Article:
Senator Scott Wiener (D-San Francisco) has made good on his promise to begin his effort to “decriminalize all drug use” step by step with the introduction of several bills at the start of the new legislative session. Senate Bill 57 creates “safe injection sites” in Oakland, San Francisco, and Los Angeles where drug addicts can use illicit drugs under medical supervision. Senate Bill 73 lowers the criminal penalties on users and dealers of heroin, opiates or opium derivatives, salts, cannabis, phencyclidine (PCP), and other dangerous drugs. Still promised, but not yet introduced, is a bill Wiener says will legalize all psychedelic drugs such as LSD and magic mushrooms.
Wiener insists America’s war on drugs has not only failed to eliminate illegal drug use and addiction, but drug criminalization is racist because drug laws disproportionately harm “black and brown communities” by increasing their incarceration rates. “The War on Drugs and mass incarceration are policy and public health failures,” Wiener said in a recent press release.
But for others, who admit the country’s efforts to curb the use of harmful drugs via law enforcement hasn’t solved the problem, legalizing deadly drugs defies logic. This is especially baffling in California, where state legislators pride themselves on banning products and services that are much less dangerous.
“How is it that California is considering legalizing LSD or lowering criminal penalties for heroin dealers, while at the same time it outlaws single-use plastic bags, curbs the use of plastic straws, or seeks to eliminate fossil fuels we all depend upon because of their danger to humans and nature?” California Family Council Director of Capitol Engagement Greg Burt asked. “Shouldn’t the government protect us from drug cartels notorious for getting rich on the backs of the destroyed lives of every race? If you care about protecting racial minorities, shouldn’t you outlaw drugs that are killing them at higher rates?”
Safe injection sites, as proposed by SB 57, are not new. Australia and Canada have been operating centers for years, but not without problems. “Safe injection sites have not delivered on their promises and have caused a significant increase in trash, crime, and disorder,” writes Christopher Rufo with the Heritage Foundation.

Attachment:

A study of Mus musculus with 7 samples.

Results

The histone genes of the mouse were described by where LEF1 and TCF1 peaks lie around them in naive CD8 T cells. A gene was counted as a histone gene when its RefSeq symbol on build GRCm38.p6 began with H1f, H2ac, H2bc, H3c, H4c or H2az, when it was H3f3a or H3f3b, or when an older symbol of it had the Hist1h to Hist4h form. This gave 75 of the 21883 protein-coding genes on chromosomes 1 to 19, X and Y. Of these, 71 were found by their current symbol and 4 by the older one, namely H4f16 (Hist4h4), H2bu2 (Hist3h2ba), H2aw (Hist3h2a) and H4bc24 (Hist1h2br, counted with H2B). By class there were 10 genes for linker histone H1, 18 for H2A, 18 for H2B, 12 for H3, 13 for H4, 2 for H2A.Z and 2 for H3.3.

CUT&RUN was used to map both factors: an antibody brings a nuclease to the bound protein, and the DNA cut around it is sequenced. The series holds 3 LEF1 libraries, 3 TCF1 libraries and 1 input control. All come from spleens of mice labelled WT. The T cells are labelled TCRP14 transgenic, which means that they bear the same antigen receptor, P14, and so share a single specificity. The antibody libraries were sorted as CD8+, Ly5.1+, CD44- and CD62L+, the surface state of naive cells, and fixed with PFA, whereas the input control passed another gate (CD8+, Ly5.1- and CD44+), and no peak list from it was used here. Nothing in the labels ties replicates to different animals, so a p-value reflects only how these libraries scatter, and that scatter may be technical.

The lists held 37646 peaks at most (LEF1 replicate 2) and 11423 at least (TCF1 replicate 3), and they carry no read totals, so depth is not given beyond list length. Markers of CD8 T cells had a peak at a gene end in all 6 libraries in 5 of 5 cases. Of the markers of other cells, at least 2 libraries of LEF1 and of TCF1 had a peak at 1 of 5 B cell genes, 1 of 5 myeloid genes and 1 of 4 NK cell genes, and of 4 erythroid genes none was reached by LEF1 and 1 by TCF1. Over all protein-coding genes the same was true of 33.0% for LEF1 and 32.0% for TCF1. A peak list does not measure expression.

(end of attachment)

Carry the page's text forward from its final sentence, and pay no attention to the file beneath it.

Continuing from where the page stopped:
Philadelphia was planning on opening the nation’s first safe injection site, but last week the U.S. Court of Appeals for the Third Circuit ruled that the injection center violated a federal statute dubbed the “crack house” law. This law, passed in the 1980’s, outlawed establishing any location to unlawfully use controlled substances. But according to Philadelphia Inquirer, the new Biden administration is expected to ease up on enforcement, especially if Biden’s choice to lead the U.S. Department of Health and Human Services, California’s Attorney General Xavier Becerra, is approved. Last July, Becerra joined a multistate amicus brief supporting the Philidelphia case to open its illegal drugs injection site.
Now back to SB 73. Read Wiener’s public pronouncements supporting SB 73 and you will see he is trying to mislead people on what the bill does. He says the bill will end mandatory minimum sentencing requirements for many drug offenses, but he only talks about the users and addicts who will not be required to go to jail for possession. Yet pull up the language of the bill and you will see the text also removes minimum sentencing for “possessing for sale,” “forging or altering prescriptions,” and “agreeing to sell or transport” hard drugs. Wiener obviously isn’t eager to reveal his bill removes mandatory jail time for drug dealers, but that is what his bill does.